The Catastrophic Financial Plan [Podcast]

What do you do in an emergency?

When it comes to a crisis, there are three major problems a doctor can face:

  1. Disability: You are too sick or injured to work. Fortunately you can get disability insurance to mitigate this risk.

  2. Premature death of the primary breadwinner: Your untimely death could leave your loved ones without the proper source of income. This risk can also be insured away with very inexpensive term life insurance. How much do you need? We recommend 20x annual income, depending on your individual situation. The good news is that it is very inexpensive for healthy, young doctors.

  3. Job loss: The key is to have enough funds to last during the transition. MD Financial usually recommends every doctor have easily accessed funds that are 3-5 months fixed living expenses for an emergency/rainy day fund:

  • Enough to pay mortgages, student loans, food and other fixed expenses. “Bare bone budget” is key, not for vacations and clothes.

  • The exact amount is variable and depends on how much you need to be at peace.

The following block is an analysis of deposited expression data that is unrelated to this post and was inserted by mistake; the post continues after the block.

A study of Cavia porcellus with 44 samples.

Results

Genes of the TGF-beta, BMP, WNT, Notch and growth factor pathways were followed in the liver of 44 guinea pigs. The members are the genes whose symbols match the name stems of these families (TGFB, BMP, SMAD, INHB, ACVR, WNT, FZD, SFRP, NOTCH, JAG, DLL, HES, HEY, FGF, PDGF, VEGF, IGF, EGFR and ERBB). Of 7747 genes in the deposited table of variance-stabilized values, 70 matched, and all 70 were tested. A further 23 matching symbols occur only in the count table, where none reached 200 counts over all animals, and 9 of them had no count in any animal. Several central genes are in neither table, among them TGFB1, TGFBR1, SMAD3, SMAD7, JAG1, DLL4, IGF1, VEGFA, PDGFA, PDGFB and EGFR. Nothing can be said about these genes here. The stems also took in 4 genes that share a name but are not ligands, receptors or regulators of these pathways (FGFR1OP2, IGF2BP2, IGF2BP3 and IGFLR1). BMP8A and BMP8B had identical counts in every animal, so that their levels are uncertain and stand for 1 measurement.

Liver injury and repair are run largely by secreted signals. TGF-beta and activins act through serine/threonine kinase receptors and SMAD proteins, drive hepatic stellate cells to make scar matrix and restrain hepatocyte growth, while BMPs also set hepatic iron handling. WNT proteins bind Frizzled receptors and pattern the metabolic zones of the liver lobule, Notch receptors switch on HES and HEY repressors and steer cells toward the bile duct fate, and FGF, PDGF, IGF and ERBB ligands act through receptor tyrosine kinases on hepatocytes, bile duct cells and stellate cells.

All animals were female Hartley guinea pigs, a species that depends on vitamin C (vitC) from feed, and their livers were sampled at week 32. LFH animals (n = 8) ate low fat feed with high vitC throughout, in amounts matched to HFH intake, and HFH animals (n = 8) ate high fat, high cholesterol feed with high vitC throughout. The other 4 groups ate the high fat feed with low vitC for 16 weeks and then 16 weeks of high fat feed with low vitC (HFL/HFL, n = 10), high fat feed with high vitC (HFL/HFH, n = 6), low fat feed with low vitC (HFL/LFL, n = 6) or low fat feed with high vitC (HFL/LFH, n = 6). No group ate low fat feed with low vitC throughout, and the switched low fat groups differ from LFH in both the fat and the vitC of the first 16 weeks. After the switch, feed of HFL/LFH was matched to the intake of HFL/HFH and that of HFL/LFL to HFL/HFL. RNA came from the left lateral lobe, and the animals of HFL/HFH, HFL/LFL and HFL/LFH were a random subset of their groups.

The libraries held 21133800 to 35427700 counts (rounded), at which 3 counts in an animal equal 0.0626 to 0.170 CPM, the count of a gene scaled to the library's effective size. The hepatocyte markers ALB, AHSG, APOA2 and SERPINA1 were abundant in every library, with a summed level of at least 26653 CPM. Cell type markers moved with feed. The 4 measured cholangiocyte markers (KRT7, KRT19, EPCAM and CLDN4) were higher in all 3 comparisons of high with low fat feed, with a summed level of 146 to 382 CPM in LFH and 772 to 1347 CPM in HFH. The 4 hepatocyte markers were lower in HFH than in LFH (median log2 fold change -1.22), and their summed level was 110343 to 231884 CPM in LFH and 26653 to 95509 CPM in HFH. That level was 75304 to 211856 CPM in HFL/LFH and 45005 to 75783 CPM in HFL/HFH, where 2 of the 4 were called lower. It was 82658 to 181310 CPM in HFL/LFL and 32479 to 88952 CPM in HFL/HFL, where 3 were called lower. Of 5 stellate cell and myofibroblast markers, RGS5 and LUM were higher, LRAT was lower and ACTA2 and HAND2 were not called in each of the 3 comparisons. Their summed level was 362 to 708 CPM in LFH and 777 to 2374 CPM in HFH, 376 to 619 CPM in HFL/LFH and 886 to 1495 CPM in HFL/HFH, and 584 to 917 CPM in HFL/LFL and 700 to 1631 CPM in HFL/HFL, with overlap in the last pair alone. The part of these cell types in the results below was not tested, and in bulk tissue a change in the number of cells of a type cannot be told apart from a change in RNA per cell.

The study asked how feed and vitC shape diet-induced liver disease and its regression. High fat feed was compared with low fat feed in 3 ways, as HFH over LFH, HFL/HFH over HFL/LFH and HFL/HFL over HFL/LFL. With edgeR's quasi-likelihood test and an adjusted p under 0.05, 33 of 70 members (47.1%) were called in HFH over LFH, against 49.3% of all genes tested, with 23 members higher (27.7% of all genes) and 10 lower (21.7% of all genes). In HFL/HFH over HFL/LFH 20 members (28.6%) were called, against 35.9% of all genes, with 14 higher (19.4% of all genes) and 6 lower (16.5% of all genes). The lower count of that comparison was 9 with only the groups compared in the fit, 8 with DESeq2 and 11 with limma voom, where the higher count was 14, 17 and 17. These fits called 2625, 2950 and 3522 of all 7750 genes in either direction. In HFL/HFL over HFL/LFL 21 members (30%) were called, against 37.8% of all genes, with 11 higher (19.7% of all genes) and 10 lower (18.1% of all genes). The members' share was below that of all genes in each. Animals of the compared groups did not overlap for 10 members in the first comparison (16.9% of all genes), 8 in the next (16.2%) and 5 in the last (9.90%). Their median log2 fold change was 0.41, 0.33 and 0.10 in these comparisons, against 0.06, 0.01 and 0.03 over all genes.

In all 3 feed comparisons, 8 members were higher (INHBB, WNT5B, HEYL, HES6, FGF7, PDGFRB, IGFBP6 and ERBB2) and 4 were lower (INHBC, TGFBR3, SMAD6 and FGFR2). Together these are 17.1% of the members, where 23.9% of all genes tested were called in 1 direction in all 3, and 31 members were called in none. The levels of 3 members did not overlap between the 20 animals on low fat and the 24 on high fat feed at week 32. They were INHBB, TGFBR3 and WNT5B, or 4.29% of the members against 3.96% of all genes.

• If your ideal amount of liquid emergency money is large, we recommend a backup emergency fund that is invested in an account that will do better than the bank, usually 25% stocks / 75% bonds.

A 5 step approach to protect you and your family from potential loss: 

  1. The emergency fund. This is an account at a bank. It is easily accessed and the money will be there when needed, 3-5 months fixed expenses.

  2. The intermediate account (also known as the “put and take” account). These are funds in a taxable “non-qualified” brokerage account that are saved for a big purchase in the next few years. The purchase can be things such as a down payment for a new house, a new car, college for the kids, etc.  The goal is to do better than the bank, with no penalties to pull it out. The idea is to have it for things you will be buying before retirement.

  3. Another brokerage account. The Wealth Accumulation Account (also known as the “put and keep” account). These funds are also invested in a taxable, “non-qualified” brokerage account and are saved for retirement.   They are generally mostly stocks and some bonds, depending on the risk level of the doctor.

  4. The 401-k/403-b, retirement accounts. Most of our doctors can borrow up to 50% of their 401-k or 403-b accounts that they have with their current employer.

  5. Roth Accounts or IRAs. We only use these if it is absolutely necessary as there is a 10% penalty and ordinary income tax on the gain, if funds are withdrawn before age 59 ½ in most cases. This is the source of last resort due to the tax penalties.

You can also check out the posting here, featured on Brown Emergency Medicine, or on iTunes.